Is AMA right that inmates should receive COVID vaccine first?
- As of November 18, there have been 11.8 million coronavirus cases in the United States, with 255,712 reported deaths.
- Monday, November 9, Pfizer and Biontech announced a potential vaccine against coronavirus as “more than 90% effective in preventing the virus” in a study with 43,538 participants.
- The American Medical Association (AMA) has stated their preference for “correctional workers, incarcerated people, and detained immigrants” to receive the vaccine in the first distribution. They mentioned the increased risk of high-density populations as their motivation.
- According to Statista, there are 1.5 million prisoners in the United States.
- The Marshall Project reported 182,776 prisoners had tested positive for coronavirus while 1,412 had died since March.
Due to the nature of prison and jail conditions--and the way inmates are crowded together in small, enclosed spaces--prisoners are 'especially vulnerable' to infection. Because of extremely close quarters, social distancing is 'impossible,' which has resulted in what inmates call 'weaponized' social distancing rules, as overzealous corrections officers 'can enforce any new rule in any way they want.' No matter what an inmate may be jailed for, condemnation to death from a COVID infection wasn't part of the sentence, as it has been shown that those in prison are 'twice as likely to die' from the virus. Nineteen of the country's 20 largest COVID clusters have occurred in institutions, and the rate of infection 'doubly outpaces the general population.' Furthermore, a Texas report shows that 80% of COVID-19 deaths in county jails occurred amongst those who hadn't even been convicted of any crime and died while awaiting trial.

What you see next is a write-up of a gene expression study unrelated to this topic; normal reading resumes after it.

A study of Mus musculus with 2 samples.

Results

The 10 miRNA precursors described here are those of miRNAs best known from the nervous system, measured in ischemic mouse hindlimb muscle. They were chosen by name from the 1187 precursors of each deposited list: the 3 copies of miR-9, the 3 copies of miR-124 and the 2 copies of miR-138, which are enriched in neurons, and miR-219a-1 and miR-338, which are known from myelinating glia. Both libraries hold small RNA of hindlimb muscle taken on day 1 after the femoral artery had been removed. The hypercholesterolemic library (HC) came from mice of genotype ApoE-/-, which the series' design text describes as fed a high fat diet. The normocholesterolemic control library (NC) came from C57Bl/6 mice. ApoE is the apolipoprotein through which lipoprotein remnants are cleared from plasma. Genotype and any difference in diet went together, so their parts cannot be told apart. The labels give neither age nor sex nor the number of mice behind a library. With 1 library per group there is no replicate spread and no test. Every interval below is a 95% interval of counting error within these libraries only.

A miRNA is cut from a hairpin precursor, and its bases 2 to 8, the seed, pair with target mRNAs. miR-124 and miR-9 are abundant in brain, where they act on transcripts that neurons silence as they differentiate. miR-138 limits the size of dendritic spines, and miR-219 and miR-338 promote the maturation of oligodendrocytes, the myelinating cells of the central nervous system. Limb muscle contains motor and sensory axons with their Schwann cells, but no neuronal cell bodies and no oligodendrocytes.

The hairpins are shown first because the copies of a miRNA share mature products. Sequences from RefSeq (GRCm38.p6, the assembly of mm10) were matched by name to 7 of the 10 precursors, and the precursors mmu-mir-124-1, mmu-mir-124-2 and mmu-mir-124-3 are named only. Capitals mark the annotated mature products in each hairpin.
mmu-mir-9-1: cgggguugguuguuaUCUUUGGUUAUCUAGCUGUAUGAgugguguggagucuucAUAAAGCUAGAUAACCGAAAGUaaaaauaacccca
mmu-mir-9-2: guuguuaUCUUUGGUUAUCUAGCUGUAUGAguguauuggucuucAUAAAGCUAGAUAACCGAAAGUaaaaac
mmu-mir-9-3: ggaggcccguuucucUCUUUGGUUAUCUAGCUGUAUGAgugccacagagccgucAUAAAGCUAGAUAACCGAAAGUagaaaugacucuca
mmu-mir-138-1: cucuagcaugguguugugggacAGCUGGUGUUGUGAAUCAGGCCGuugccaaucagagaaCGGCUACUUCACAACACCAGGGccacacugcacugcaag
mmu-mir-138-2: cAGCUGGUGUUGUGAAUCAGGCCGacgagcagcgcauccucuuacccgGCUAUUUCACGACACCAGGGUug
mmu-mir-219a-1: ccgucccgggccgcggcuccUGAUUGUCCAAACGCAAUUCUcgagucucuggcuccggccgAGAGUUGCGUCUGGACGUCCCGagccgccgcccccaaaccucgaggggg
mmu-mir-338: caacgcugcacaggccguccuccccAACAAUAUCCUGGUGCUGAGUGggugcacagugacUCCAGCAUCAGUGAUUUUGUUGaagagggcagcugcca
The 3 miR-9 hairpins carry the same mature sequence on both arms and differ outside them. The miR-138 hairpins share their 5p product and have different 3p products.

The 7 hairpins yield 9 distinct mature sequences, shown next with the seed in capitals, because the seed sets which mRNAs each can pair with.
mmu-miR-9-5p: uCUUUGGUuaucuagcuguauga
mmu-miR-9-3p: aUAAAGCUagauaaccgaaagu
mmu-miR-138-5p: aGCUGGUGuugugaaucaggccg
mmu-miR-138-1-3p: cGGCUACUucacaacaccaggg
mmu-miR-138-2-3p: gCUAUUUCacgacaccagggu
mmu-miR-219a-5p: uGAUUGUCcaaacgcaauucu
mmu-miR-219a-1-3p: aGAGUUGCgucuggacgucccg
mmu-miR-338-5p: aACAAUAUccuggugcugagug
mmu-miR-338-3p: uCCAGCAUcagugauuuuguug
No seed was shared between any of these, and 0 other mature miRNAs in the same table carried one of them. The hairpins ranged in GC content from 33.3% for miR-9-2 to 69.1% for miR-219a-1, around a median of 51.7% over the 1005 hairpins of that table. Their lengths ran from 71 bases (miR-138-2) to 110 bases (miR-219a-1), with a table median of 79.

It is also worth considering that facilities across the nation face outbreaks. The staff working in these prisons and jails are also in danger and could spread the virus through their communities if infected. As of November 13th, tens of thousands of prison workers, including the officers, wardens, medical staff, and others, have been publicly reported to have tested positive; additionally, there have been at least 93 deaths reported among them. These numbers are likely higher in reality because most states are only counting workers 'who voluntarily report a diagnosis, often in the course of calling out sick.' For these reasons, inmates should absolutely be among the first to receive the COVID vaccine.
The AMA's recommendation that inmates should receive the COVID vaccine first is misguided. The emphasis on introducing a COVID vaccine is inappropriate--most people who test positive for the illness experience only mild symptoms and rarely require hospitalization. COVID 'case' numbers should not be the metric that drives public policy--hospitalizations and deaths are much better indicators of the coronavirus' severity. The cumulative hospitalization rate for COVID is less than .22% (i.e., 217.2 hospitalizations per 100,000 population), and the survival rate for Americans under the age of 70 who test positive is ~ 99.9%.
Because the prison survival rate for COVID cases is 99.23%, there is no urgency for a vaccine. Moreover, prison inmates should not be prioritized over law-abiding citizens for preventive treatment. Instead, federal resources to combat the spread of COVID should be directed toward promoting better health for at-risk citizens with compromised immune systems and to nursing homes and long-term care facilities to safeguard the elderly.
In general, vaccines have produced harmful effects, including neurological disorders, joint-related maladies, and autoimmune diseases. So, rather than focusing on rolling out a COVID vaccine to inmates, the AMA should consider other less invasive measures of protecting prison populations, such as separating high-risk inmates with existing comorbidities like cancer, kidney disease, COPD, obesity, type 2 diabetes, etc., from its general population. The AMA should also support installing restaurant-like partitions to ensure social distancing in prison common areas to reduce the virus' transmission.